The Grammarian has two main roles: 1) to present the membership with the opportunity to learn a new word and use it in their daily conversation, and 2) to comment on the use of English during the meeting, including misuse of words, incorrect pronunciation, (ab)use of clichés, and poor sentence structure, as well as any interesting, unusual or particularly effective uses of speech.
Before the Meeting:
Choose a "word of the day" that will help the membership increase their vocabulary, a word that will be easily incorporated into everyday conversation, but different from the way they usually express themselves. Prepare a sentence as an example of how to use the word, and make sure you are comfortable using the word yourself.
Prepare a brief but thorough summary of your role as Grammarian that explains your role in the program to visiting guests. You can expect a call from the General Evaluator, confirming your role.
As you Arrive at the Meeting:
In letters large enough to be seen from the back of the room, print the word, the part of speech and a brief definition on at least one of the easels. Ideally, the word will be visible to both speaker and audience. However, try not to display the word in a position where the audience would find it distracting to any other portion of the meeting (e.g., taped to the lectern).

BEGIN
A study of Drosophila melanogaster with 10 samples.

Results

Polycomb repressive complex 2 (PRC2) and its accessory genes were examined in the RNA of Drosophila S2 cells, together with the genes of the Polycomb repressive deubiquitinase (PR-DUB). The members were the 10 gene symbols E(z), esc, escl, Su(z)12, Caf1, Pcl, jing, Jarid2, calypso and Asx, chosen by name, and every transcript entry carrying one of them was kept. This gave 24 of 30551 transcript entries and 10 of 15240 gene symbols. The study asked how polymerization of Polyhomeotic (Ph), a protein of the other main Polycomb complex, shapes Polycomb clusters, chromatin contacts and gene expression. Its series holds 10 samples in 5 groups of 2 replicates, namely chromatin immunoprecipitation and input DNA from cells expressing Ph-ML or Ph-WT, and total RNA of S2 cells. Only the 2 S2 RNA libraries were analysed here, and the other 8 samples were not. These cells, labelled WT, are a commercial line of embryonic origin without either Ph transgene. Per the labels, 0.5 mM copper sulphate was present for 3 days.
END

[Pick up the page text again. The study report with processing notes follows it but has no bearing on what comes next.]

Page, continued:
During the Meeting:
When called upon by the Toastmaster, stand at your seat and briefly explain your role(s). Introduce the word of the day and encourage all in attendance to use it in their remarks.
Throughout the meeting, listen carefully to all of the speakers and make note of grammatical errors or exceptional uses of language. Also keep track of the members who use the word of the day (or a variation of the word) in their speaking roles, how many times they use it, and whether it is used properly.
Near the end of the meeting, the General Evaluator will ask you to report your findings. Stand beside your seat to give your report, which should not exceed 1-2 minutes. It is okay not to read out all the names on your list.
If you mention a grammatical error or mispronunciation, be sure to offer the correct form. However, avoid lengthy explanations of fine points of grammar. Also, do not apologize for your own limited knowledge of grammar. Everybody is learning. If in doubt about a point, ask someone. This will help everyone.
When you are finished, return control of the meeting by saying, "Madam or Mr. General Evaluator," and take your seat.